So where exactly does it say that if Tom, Bob, Bill and Fred raise $1200 for Philmont that Zach -- who didn't sell anything, but is going to Philmont -- must get an equal share of that money?
The Capital Gymnastics case (http://www.ustaxcour...son.TCM.WPD.pdf) held that the failure to share equally among all participants constituted a private benefit.
The IRS argued:
The Commissioner objects, however, that “almost all of petitioner’s fundraised proceeds are earmarked to benefit those individuals who fundraised”. The Commissioner contends that this dollar-for-dollar arrangement constitutes inurement and private benefit in violation of section 501©(3) because the methodology furthers private interests rather than the team or the organization as a whole. (p.19)
And the Tax Court Agreed:
Applying the law to Capital Gymnastics’ facts and circumstances, we find that, in violation of section 501©(3), Capital Gymnastics allowed substantial private inurement to the parent-member-insiders who fundraised (by providing to those insiders relief from an economic burden in the form of “points” applied to their assessments) and thereby conferred an impermissible substantial private benefit on the child-athletes of those parents only (as opposed to its child-athletes generally). Capital Gymnastics authorized parent-members to raise funds for their own benefit but under the name of Capital Gymnastics and trading on its tax-exemption ruling. Capital Gymnastics rigorously assured that its fundraising did not generally benefit all the child-athletes in its programs but rather benefited only the children of parents who did the fundraising. (p.19-20, emphasis added).
The Tax Court distingushed Capital Gymnastics' facts from other potential fact situations (some of which apply to ISAs):
Moreover, this is not a circumstance (like, say, a school band’s sale of candy or a church youth group’s carwash for a once-a-year event) in which the fundraising is a tiny fraction of the organization’s overall function; here, the fundraising is, instead, the admitted “primary function” of the organization. This is not a circumstance in which the individual’s contribution of his share of the cost is optional or where scholarships are made available for those who cannot afford the cost. Nor is this a circumstance in which every member is required to perform fundraising and no one can buy his way out; rather, the fundraising was an option chosen by those who wanted to earn their assessments. The assessments at issue were not arguably de minimis charges that might be covered by a child’s paper route or babysitting, but rather were serious parental obligations of as much as $1,400 per year (on top of already considerable tuition of up to $330 per month, plus national dues, registration fees, equipment expenses, and travel expenses).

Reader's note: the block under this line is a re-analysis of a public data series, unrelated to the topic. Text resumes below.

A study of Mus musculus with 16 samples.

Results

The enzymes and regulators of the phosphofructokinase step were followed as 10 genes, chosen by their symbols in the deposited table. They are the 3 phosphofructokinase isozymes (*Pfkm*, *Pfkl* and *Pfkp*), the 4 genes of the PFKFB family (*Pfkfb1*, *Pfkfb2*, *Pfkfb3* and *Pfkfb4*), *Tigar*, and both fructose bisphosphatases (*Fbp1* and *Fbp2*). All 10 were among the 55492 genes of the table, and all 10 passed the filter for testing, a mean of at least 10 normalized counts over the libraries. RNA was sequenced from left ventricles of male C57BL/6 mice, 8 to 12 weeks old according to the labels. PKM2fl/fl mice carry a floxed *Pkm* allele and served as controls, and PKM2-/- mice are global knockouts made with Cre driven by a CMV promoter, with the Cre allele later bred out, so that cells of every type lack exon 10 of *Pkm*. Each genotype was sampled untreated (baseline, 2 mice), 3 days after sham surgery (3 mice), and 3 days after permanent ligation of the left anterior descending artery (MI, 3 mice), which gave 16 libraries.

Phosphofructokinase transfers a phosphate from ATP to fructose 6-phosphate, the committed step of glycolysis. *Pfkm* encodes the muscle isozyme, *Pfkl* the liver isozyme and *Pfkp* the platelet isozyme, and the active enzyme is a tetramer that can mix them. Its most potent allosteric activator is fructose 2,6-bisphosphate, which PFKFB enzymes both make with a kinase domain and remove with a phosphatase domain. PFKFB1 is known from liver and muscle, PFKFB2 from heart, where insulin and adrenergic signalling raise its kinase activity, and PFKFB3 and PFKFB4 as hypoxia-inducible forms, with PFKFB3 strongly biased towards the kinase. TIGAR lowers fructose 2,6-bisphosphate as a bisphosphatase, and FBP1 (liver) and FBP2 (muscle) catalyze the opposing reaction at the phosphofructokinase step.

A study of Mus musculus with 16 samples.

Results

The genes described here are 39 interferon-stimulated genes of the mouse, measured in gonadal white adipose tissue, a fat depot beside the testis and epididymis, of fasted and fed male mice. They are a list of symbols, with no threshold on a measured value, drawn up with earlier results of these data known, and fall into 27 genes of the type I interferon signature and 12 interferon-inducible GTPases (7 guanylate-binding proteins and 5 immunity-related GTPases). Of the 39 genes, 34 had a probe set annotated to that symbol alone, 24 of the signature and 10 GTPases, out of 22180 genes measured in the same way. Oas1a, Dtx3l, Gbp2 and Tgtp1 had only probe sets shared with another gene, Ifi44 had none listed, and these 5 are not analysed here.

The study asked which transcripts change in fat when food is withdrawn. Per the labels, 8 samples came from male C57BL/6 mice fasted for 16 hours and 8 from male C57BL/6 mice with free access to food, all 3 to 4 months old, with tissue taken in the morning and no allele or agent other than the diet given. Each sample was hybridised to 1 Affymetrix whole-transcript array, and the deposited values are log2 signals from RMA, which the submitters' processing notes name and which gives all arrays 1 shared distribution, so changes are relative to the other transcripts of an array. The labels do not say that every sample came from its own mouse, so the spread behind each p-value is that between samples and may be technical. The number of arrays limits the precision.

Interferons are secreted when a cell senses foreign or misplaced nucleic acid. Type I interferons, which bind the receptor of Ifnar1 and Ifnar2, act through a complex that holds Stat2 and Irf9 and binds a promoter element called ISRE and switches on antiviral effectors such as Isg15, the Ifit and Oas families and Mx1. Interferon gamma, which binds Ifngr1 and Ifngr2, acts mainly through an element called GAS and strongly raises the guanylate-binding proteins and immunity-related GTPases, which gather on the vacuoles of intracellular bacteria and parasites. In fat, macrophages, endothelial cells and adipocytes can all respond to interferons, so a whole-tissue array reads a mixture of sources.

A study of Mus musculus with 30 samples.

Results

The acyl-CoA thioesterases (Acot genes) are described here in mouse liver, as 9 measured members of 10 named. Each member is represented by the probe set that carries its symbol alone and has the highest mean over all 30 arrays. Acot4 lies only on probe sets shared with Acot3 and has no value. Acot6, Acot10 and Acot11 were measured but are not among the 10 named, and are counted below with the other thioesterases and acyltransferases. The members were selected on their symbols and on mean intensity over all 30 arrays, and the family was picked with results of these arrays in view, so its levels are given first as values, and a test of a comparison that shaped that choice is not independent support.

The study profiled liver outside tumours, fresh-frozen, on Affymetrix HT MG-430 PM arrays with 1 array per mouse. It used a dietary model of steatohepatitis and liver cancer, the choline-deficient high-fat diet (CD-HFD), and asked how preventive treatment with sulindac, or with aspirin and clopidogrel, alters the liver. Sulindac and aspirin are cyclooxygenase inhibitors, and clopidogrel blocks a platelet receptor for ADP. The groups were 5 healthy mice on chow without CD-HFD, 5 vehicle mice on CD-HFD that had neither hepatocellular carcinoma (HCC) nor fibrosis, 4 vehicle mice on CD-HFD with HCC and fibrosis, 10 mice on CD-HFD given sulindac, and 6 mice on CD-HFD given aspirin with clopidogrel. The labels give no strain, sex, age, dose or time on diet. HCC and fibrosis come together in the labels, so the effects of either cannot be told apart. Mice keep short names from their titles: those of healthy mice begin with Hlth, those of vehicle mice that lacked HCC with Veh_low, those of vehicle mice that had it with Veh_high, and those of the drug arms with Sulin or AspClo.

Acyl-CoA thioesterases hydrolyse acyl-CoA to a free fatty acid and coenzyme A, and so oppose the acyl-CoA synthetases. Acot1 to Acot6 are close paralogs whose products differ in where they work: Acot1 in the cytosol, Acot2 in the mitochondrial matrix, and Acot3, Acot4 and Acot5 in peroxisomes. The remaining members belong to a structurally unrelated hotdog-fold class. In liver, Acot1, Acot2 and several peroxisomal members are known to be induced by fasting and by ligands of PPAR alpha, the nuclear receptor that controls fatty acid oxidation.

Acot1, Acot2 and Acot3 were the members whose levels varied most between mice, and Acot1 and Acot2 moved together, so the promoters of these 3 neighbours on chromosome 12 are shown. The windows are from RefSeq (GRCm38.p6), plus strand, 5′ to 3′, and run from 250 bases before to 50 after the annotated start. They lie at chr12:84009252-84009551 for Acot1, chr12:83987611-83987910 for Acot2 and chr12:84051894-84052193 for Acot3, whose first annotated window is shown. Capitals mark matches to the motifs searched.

Now, whomever you got advice from may be focusing on the fact that those who raised money in Capital Gymnastics essentially received 93% of what they raised -- so the amount varied among those doing fund raising. To me, that was not the determinative fact in Capital Gymnastics based on the court's focus on the benefit going to those who did funraising and those who didn't do fundraising rather than the quantum amount of funds earned.
According to our inquiry to the IRS, as long as Tom, Bob, Bill and Fred get *equal* shares of the money raised it is not a private benefit and Zach is out of luck. Otherwise, Stosh -- who is neither going to Philmont nor raised any money -- would be due an equal share of the $1200 just like Zach, and that just defeats the purpose of enticing Scouts to raise money. Who is going to bust their hump selling if they can sit back and have others do it?
I'd be interested in seeing anything you have from the IRS because I've not been able to find any Private Letter Rulings on the issue. I'd be concerned that if the advice was given to someone who told it to a group to which you were part of that something may have gotten lost in translation. I agree you can raise funds divided equally for everyone participating in an activity, but disagree that you can divide it equally among funraising participants.
The organization can raise funds for a specific purpose, such as to fund the Philmont trip. Those funds need to split equally among all those going to avoid a private benefit. Those funds do not need to be split among the other scouts (whether they participated or not) because the organization decided how the fundraiser would benefit the organization. That is, a distinction can be made based on what the activity is but it can't be made based on whether or the extent to which a scout fundraises.
My concern is that your troop may think they are doing something that is perfectly fine when it may not be.
I AGREE that the rule is absurd and is contrary to everything I've been taught in life and try to teach my son about paying your own way and working hard to get ahead in life. Nonetheless, I understand its justification, why should money earned by an individual through fundraising for a charity be taxed differently than money earned by an individual through other means (e.g. a part-time job)?